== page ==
2014 Spending Bill and Its Effect on Prevention Funding
This week, the 2014 omnibus spending bill passed the House and Senate this week and is headed to President’s Obama’s desk. Now that the dust has started to settle, we want to provide a closer look at what it means for prevention in 2014:
First the good news. As we reported earlier this week, the bill does not eliminate the Prevention and Public Health Fund, our nation’s largest source of dedicated prevention funding -- despite the flurry of media reports to the contrary. The bill also provides $80 million in new Community Prevention Grants to help communities build multi-sector partnerships to improve community health.
Unfortunately, there is no specific funding for the Community Transformation Grants (CTG) program in 2014. Instead, money has been allocated to the CDC's Diabetes and Heart Disease and Stroke Prevention programs. While many questions remain to be answered about this shift in funding allocations, what is clear is that the CTG efforts are making a difference right now in communities across the country. With their focus on equity, multi-sector partnerships, community engagement, and linkages between healthcare and community health, these grants embody a new paradigm and vision of health and prevention, and play an important role in shifting the health system to promote health and wellness, in the first place.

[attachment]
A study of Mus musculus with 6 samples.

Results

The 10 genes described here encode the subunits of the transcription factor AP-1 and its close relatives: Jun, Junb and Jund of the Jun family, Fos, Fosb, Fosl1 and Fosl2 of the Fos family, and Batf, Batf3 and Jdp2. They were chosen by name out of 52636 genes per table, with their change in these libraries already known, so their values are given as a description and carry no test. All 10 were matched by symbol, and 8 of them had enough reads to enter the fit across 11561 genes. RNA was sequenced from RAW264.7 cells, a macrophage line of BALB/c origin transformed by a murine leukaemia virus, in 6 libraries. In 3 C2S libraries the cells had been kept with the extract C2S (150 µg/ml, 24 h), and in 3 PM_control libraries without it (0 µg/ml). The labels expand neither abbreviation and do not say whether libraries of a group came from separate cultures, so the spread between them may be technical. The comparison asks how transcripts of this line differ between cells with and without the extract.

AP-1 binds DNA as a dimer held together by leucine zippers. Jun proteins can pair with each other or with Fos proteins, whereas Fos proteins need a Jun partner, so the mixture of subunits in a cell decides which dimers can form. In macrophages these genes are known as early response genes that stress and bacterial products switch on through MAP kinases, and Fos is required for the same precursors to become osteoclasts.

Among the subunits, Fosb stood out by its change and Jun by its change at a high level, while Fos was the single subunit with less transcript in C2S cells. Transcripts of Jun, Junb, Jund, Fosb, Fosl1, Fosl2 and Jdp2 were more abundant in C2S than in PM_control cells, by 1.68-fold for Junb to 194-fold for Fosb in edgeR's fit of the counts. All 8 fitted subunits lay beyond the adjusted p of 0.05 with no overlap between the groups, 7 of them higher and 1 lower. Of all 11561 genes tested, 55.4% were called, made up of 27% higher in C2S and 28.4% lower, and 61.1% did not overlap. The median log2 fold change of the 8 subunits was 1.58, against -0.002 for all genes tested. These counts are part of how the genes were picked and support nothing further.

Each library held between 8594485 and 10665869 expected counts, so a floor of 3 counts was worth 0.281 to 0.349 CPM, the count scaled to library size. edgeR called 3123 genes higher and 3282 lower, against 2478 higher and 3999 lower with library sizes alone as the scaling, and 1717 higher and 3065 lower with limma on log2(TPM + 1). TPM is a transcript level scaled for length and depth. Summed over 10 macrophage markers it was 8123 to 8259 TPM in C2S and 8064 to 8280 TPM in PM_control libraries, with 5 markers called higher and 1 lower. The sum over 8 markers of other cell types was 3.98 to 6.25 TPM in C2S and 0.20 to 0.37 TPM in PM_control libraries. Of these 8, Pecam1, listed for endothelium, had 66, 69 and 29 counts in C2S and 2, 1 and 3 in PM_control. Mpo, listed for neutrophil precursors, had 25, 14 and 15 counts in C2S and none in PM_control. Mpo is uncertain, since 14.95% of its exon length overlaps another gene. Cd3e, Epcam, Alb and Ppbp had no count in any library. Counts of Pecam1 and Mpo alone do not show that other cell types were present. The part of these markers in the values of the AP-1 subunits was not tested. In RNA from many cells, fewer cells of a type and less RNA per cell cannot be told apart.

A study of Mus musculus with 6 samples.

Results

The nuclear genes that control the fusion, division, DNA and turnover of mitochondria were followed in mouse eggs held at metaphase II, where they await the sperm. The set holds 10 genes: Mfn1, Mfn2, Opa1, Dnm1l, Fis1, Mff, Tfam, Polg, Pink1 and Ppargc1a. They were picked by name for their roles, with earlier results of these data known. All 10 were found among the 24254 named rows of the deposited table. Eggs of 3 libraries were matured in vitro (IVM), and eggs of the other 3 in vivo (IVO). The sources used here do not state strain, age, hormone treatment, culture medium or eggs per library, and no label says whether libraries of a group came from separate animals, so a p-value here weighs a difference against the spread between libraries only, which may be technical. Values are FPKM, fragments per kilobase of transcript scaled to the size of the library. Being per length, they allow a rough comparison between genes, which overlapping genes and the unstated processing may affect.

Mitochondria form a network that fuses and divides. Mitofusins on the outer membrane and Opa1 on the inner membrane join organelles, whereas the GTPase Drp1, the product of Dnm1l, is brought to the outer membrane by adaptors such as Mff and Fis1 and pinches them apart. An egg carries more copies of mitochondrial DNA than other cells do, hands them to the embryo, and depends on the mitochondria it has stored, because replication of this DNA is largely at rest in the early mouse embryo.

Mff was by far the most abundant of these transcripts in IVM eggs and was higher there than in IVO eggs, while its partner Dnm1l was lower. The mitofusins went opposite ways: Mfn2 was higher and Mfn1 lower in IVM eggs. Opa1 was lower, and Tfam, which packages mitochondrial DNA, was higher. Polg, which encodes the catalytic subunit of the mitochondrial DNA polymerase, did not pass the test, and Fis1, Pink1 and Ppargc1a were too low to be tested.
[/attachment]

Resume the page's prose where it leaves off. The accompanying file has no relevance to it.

Moving forward, it’s critical that we work together to maintain this vision, and not overlook the valuable infrastructure that has already been built. Transforming communities to achieve greater health, safety and equity for everyone will not happen by addressing one disease or condition at a time: The right community solutions will solve many problems. While the name may change, now it is more important than ever that we stand up for community, and for transformation.
There are a lot of questions that remain unanswered. We will keep you posted as more information unfolds and as we determine the actions we must take together to achieve impact.